My work is an ongoing investigation of disintegration and spirituality. I highlight life-cycles to form a connection between humans and the environment. My aim is to evoke deliberation of responsibility, deterioration and empathy. Collecting reclaimed items allows me to survey materiality and address the impact consumerism has on the earth-- specifically overproduction resulting in throwaway culture. I pursue deconstruction of objects for new uses, with methods of wrapping, layering, knotting and tension control. In an attempt to relocate value in the textile industry, I give agency to thread filaments, while investigating how the lifespan of fibers eventually degrades back into the earth.

My work is an ongoing investigation of disintegration and spirituality. I highlight life-cycles to form a connection between humans and the environment. My aim is to evoke deliberation of responsibility, deterioration and empathy. Collecting reclaimed items allows me to survey materiality and address the impact consumerism has on the earth-- specifically overproduction resulting in throwaway culture. I pursue deconstruction of objects for new uses, with methods of wrapping, layering, knotting and tension control. In an attempt to relocate value in the textile industry, I give agency to thread filaments, while investigating how the lifespan of fibers eventually degrades back into the earth.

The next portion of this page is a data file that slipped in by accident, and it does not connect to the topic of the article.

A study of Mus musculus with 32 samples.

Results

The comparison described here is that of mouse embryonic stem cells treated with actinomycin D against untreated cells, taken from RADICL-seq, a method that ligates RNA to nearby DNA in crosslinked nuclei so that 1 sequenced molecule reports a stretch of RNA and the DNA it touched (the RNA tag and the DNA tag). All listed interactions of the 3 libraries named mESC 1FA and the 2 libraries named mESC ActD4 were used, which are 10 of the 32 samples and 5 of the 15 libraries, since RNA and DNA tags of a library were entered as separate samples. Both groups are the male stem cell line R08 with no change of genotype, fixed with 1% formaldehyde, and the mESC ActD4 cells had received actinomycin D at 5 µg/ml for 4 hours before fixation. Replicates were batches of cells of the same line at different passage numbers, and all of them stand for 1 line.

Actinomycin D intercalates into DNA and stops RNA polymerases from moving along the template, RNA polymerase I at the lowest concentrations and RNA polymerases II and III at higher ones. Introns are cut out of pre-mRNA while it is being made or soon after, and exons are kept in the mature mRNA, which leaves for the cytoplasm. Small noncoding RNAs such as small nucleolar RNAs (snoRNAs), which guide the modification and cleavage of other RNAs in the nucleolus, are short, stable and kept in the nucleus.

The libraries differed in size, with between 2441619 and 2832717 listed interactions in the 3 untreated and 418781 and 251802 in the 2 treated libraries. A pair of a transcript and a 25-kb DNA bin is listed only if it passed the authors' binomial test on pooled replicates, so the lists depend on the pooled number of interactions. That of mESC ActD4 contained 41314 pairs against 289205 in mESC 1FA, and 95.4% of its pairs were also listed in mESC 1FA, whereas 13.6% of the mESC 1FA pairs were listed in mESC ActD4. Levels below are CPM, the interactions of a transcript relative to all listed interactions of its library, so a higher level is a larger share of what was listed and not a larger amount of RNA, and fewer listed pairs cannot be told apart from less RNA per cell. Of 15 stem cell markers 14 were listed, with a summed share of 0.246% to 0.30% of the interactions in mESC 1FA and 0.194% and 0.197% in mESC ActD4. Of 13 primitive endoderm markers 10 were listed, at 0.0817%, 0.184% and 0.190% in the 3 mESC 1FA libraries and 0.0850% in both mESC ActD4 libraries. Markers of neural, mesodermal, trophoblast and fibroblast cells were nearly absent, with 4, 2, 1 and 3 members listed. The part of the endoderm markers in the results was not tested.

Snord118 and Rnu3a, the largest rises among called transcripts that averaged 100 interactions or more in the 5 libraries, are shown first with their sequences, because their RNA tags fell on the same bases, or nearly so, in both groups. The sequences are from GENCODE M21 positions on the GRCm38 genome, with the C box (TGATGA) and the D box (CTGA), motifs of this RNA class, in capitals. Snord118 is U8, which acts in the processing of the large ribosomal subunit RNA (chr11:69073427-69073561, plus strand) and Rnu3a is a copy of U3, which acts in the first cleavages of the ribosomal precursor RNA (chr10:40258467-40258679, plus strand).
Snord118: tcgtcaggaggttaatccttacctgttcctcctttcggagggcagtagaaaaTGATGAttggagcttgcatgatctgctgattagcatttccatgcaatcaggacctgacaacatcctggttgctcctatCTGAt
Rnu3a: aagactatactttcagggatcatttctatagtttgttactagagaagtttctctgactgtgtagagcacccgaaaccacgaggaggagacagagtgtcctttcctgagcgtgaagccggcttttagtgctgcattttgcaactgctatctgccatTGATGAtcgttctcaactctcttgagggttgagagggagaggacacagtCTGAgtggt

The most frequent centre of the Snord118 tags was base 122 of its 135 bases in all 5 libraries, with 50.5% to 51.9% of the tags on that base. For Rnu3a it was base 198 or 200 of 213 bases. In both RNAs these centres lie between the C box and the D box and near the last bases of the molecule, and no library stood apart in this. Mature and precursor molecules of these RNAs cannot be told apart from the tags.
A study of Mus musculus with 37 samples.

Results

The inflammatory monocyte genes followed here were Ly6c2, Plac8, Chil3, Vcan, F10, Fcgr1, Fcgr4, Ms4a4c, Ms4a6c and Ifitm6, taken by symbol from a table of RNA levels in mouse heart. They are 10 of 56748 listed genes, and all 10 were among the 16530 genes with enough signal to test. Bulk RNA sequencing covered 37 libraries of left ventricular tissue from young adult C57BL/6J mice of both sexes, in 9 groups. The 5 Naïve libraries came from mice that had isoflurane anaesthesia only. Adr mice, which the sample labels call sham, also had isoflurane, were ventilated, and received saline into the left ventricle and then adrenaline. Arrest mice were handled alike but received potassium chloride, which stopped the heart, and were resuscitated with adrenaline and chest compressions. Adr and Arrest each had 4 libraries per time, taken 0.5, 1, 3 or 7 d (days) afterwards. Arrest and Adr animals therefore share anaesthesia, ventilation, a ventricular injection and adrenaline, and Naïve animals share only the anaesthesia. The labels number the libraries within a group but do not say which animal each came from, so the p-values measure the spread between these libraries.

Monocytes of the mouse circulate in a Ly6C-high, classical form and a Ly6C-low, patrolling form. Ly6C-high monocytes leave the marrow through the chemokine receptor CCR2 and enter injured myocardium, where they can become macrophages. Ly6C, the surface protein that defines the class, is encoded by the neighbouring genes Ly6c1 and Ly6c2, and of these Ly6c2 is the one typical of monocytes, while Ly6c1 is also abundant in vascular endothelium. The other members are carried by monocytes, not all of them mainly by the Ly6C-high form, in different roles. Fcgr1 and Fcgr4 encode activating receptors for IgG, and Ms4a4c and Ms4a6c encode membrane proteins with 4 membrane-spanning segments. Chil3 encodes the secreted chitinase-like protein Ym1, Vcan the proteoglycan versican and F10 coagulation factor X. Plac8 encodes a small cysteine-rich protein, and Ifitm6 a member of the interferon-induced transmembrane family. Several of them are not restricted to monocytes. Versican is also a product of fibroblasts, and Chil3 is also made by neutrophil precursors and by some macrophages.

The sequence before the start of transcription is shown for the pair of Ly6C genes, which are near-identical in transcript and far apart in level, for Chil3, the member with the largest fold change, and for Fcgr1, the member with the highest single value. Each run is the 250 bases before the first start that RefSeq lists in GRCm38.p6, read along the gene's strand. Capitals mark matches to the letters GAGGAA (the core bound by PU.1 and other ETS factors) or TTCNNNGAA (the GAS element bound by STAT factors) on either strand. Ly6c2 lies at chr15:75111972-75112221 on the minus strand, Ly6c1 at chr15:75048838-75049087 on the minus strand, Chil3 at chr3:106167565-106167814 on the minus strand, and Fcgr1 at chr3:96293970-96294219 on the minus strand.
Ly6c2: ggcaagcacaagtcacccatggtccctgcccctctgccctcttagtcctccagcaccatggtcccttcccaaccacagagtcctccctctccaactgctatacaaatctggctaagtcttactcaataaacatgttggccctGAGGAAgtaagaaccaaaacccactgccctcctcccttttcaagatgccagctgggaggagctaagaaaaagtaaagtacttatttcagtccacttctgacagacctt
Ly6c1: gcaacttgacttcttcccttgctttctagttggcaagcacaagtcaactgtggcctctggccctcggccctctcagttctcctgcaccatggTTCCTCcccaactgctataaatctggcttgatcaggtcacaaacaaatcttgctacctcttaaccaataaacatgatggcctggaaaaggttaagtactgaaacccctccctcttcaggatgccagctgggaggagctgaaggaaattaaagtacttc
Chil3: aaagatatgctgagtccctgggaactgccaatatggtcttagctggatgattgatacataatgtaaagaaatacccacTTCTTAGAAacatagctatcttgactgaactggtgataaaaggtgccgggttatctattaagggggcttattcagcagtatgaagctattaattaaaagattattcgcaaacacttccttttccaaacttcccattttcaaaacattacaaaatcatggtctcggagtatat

About

Caroline Borucki is an artist and slow fashion clothier who works with reclaimed materials, natural fibers and clay. Inspired by taxonomies of the natural world, she amplifies a connection between humanity and the changing biosphere.

borucki is an MFA candidate residing in Portland, Oregon for the Applied Craft + Design program, a collaborative program between Oregon College of Art and Craft and the Pacific Northwest College of Art. she built upon her interest in deterioration and waste, by deciphering materiality at the Metro Transfer Site for the low-res Glean Artist Residency [2017].

Her small batch garments are a sustainable and ethical response to relocate value for the earth’s resources, and to acknowledge the human role in producing wearables. A native Chicagoan, she was recognized in print in the Best of the Chicago Reader 2013, as ‘Best New Maker.' in 2009, She was chosen to participate in the Driehaus Design Initiative Awards for Fashion Excellence, upon receiving a bachelor of arts from Dominican University.